9 Ways Smoking Cigarettes Is Harming Your Skin

Written by Donna Hart, MD, Board Certified Dermatologist on October 26, 2017 No Comments

how smoking affects the skin

By now most people realize how harmful smoking is to your overall health. Smoking cigarettes has been proven to increase the risk of diseases such as heart disease and lung cancer. But did you know that smoking can also damage the health and appearance of your skin?

Each time you inhale smoke, you are exposing your skin to over 4,000 chemical toxins that induce premature aging and lead to the development of long-term skin disorders. Here are 9 ways smoking can harm the skin:

Sagging Skin

There are several chemicals in cigarettes that damage the natural collagen and elastin within the skin. As these fibers weaken the skin loses its strength and elasticity, resulting in sagging and wrinkling of the skin. Sagging is not limited to the facial area, sagging is also common in the upper arms and breasts of many women who smoke.

Lines & Wrinkles

The deterioration of healthy collagen fibers also results in early onset development of deep lines and wrinkles. Additionally, the repetitious facial movements involved in smoking (i.e., puckering of the lips) results in dramatic lines and wrinkles around the mouth and on the lips.  There is also a link between crow’s feet (wrinkles around the outside of the eyes) and smoking cigarettes since smokers squint more than non-smokers in order to keep the smoke out of the eyes.

Uneven Skin Tone

Smoking causes a reduction in the amount of red blood cells which are necessary to carry nutrients and oxygen throughout the body. With fewer red blood cells, many smokers will appear pale or develop extreme blotchiness.


For reasons that are not entirely known, smokers are more susceptible to human papillomavirus infection, the virus that causes warts. This includes the development of HPV (genital warts).

Dullness / Dryness

The use of nicotine has also been shown to impair overall blood flow by causing the narrowing of blood vessels. This leads to dry and dull skin, along with other health issues.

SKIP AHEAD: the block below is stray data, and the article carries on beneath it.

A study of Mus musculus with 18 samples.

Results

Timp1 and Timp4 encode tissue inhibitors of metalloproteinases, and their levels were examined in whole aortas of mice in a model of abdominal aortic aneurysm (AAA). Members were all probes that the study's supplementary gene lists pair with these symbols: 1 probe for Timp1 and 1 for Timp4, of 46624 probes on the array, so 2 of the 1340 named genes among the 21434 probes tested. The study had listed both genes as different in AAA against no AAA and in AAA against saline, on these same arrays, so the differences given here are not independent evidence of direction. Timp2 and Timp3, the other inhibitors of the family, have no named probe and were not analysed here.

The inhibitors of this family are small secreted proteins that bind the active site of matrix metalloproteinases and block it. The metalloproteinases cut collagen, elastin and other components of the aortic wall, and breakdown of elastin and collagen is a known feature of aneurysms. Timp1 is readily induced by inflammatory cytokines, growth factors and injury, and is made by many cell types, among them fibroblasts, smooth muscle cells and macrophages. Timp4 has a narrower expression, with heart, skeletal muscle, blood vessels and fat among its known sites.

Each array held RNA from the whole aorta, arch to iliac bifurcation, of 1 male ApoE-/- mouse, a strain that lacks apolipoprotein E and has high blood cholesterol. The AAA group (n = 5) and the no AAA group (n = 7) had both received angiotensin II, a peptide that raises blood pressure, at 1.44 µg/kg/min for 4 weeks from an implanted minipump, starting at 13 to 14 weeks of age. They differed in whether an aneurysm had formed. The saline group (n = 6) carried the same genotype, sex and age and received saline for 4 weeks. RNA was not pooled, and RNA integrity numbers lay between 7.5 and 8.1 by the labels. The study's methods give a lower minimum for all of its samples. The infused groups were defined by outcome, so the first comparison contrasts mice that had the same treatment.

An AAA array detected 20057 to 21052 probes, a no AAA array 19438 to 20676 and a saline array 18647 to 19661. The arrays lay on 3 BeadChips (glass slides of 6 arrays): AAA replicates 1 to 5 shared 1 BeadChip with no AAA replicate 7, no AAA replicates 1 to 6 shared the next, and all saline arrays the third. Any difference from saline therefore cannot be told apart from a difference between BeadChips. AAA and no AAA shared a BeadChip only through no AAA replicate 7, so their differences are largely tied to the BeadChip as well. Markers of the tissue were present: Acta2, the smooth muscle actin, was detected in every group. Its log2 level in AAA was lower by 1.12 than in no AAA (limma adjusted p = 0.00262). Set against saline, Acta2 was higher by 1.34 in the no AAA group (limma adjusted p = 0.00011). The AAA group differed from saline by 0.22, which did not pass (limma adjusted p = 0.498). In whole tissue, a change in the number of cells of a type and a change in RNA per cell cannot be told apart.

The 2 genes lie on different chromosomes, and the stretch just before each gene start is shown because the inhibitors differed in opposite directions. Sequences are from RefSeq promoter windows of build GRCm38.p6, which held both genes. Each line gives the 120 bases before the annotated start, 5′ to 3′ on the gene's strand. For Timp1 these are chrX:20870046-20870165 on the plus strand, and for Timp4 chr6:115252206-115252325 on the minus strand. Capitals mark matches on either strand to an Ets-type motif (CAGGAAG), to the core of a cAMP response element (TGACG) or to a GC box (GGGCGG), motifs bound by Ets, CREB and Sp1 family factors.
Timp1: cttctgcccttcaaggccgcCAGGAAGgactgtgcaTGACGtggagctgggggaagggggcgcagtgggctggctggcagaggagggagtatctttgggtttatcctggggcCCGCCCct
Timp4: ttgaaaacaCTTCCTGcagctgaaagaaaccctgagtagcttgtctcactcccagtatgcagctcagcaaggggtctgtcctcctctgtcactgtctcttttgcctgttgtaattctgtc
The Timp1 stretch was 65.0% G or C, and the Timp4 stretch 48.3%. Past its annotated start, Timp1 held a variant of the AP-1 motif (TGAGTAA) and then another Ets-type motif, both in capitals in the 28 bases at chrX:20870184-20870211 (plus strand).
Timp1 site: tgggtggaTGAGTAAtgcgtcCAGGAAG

The narrowing of blood vessels also makes the skin of a smoker more prone to scarring. Many smokers will find that their wounds may take longer to heal due to reduced oxygen-rich blood flow. This means scarring is more prevalent (bigger and redder) in smokers vs. non-smokers.

Chronic Skin Conditions

Smokers have an increased risk in the development of chronic skin conditions such as psoriasis and eczema. For anyone who is already living with psoriasis, smoking will make your daily symptoms worse.

Age Spots

Age spots (also called solar lentigines or liver spots) are small dark areas of the skin. They can develop in anyone who experienced prolonged and repeated sun exposure over time. However, studies have shown that smokers are more susceptible in developing age spots.

Skin Cancer

Cigarettes can cause lung, throat, oral, and even skin cancer. In fact, smokers have a 52% higher risk of developing squamous cell carcinoma (the second most common form of skin cancer) than non-smokers.


Donna Hart, MD

Donna Hart, MD, a medical, surgical and cosmetic dermatologist, completed her dermatology residency at the John H. Stroger, Jr. Hospital of Cook County in Chicago, where she served as chief resident. Dr. Hart is Board Certified by the American Board of Dermatology, and is a member of the American Academy of Dermatology, American Society for Dermatologic Surgery, and Women’s Dermatologic Society.